Kerala temple fire: Banned chemicals in crackers caused Kollam blaze

Officials investigating Sunday’s temple fire in Kerala are almost certain that potassium chlorate, a banned and deadly chemical, was used in making the firecrackers that caused the mishap, killing 112 people.

Only two months ago, investigators in Bengaluru revealed that potassium chlorate was one of the chemicals that Simi operative Mohammed Rafiq used in making a crude bomb that killed a woman outside a restaurant in that city.

One of the reasons for mishaps during fireworks displays in Kerala has always been the use of potassium chlorate, an official of the Petroleum and Explosives Safety Organisation (PESO) told Firstpost.

A view of a damaged building after a massive fire broke out during a fireworks display in Paravoor north of Thiruvananthapuram on Sunday. PTI

A view of a damaged building after a massive fire broke out during a fireworks display in Paravoor north of Thiruvananthapuram on Sunday. PTI

Known earlier as the Department of Explosives, PESO has its headquarters in Nagpur and comes under the Ministry of Commerce and Industry. A team PESO experts, led by Chief Controller of Explosives Sudharshan Kamal, reached the mishap site on Monday to conduct its own investigation.

The reason potassium chlorate is used illegally in making firecrackers is that it makes them more noisy, besides making them more colourful and more likely to fly higher. More importantly, it costs one-third as much as the mixture of potassium nitrate or sodium nitrate that most Indian firecracker-makers use as a substitute.

But scientists describe chlorates as unstable and friction-sensitive and hence, highly dangerous. The chemical is also toxic and can harm the skin. This was the reason it was banned by the government through a notification on 27 January, 1992 which said:

...the Central government is pleased to prohibit the manufacture, possession and importation of any explosive consisting of or containing sulphur or sulphurate in admixture with chlorate of potassium or any other chlorate:

Provided that this prohibition shall not extend to the manufacture or possession of such

a) in small quantities for scientific purposes;
b) for the purpose of manufacturing heads of matches;
c) for use in toy amorces (paper caps for toy pistols)
d) in percussion caps for use in Railway Fog Signals.”

It was the sheer intensity of the explosion on Sunday that is making officials suspect that potassium chlorate was used. The explosion was so strong that the crackers, apparently ignited by a spark, blew up the building in which they were stored. The concrete pieces that flew all around killed more people than actual burns, according to eyewitnesses and doctors.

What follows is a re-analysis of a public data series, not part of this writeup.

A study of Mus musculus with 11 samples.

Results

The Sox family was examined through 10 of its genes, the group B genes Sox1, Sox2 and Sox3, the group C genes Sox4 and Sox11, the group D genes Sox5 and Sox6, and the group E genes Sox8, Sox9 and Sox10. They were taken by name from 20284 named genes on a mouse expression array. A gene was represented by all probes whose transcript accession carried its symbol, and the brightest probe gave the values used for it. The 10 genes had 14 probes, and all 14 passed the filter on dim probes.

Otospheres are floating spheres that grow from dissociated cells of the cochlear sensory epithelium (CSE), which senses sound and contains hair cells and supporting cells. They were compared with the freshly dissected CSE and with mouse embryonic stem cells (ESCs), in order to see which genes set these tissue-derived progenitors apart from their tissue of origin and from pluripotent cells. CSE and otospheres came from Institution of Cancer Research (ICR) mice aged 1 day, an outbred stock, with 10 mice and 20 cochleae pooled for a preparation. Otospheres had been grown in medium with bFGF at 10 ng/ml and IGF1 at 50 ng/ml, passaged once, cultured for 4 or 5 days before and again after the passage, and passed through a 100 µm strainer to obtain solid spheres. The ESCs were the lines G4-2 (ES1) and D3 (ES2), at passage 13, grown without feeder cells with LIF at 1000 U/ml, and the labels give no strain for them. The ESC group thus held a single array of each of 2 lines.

Officials claim that none of the manufacturing units at Sivakasi in Tamil Nadu, India’s cracker capital, use potassium chlorate but it is used a great deal in Kerala — most often by people who have no expertise in using it.

“We warned the Kerala government, fireworks manufacturers and district authorities several times about the lapses,” PESO’s former Chief Controller of Explosives Prakash Chandra Srivastava told Firstpost. Srivastava worked for the department of explosives and its later avatar of PESO for 35 years before he retired last year.

He said while PESO dealt with bigger manufacturers like the ones at Sivakasi directly, the district authorities concerned were expected to monitor the smaller ones across India.

“We have warned authorities in Kerala time and again that manufacturers were not only exceeding the permitted size of firecrackers but were also using prohibited chemicals like potassium chlorate,” Srivastava said. He said it was “101 percent” the responsibility of district officials even if it meant a sub-inspector of police to see that norms were adhered to. It was, he said, mandatory for district officials to inspect the premises of firecracker manufacturers once in six months to ensure that everything was above board.

Srivastava said dealers of chemicals sold potassium chlorate for its permitted uses but it was for the officials to see that this was not used in the making of firecrackers. PESO, he said, could only play an advisory role and had no power to take action against those who violated laws.

But a senior police official expressed helplessness in enforcing rules, since fireworks makers and the manufacturers and dealers of chemicals had formed a network to smuggle huge quantities of banned ingredients into Kerala.

The Explosives Rules 2008 lay down 27 conditions for allowing a fireworks public display. These include:

- A minimum distance of 100 meters shall be maintained between the spectators and the area where the display is carried out.

- The fireworks shall be assembled at site for the purpose of display.

-  No fireworks shall contain chlorate or prohibited explosives mixture.

- No display of fireworks shall be carried out when the wind velocity exceeds 50 kilometres per hour or the control over spectators has been lost.

- Only minimum persons shall be employed for making and display of fireworks. The site should be constantly supervised and the persons employed shall wear protective clothings, ear defenders, safety glasses and other protective devices.

- Once fireworks have been taken to the site, the site must not be left unattended or unprotected.

- No fireworks shall be ignited inside of or closer than 15 metres of any tent, trailer, canvas shelter of vehicle.

- No fireworks shall be ignited within 250 metres of a hospital, nursing home, schools unless consent from local authorities and the owner or its agent is obtained.

In 2013, the government also banned the import and sale of Chinese crackers, which gave a better bang and were cheaper, because they use potassium chlorate. But officials fear that Chinese crackers continue to find their way into India through Nepal.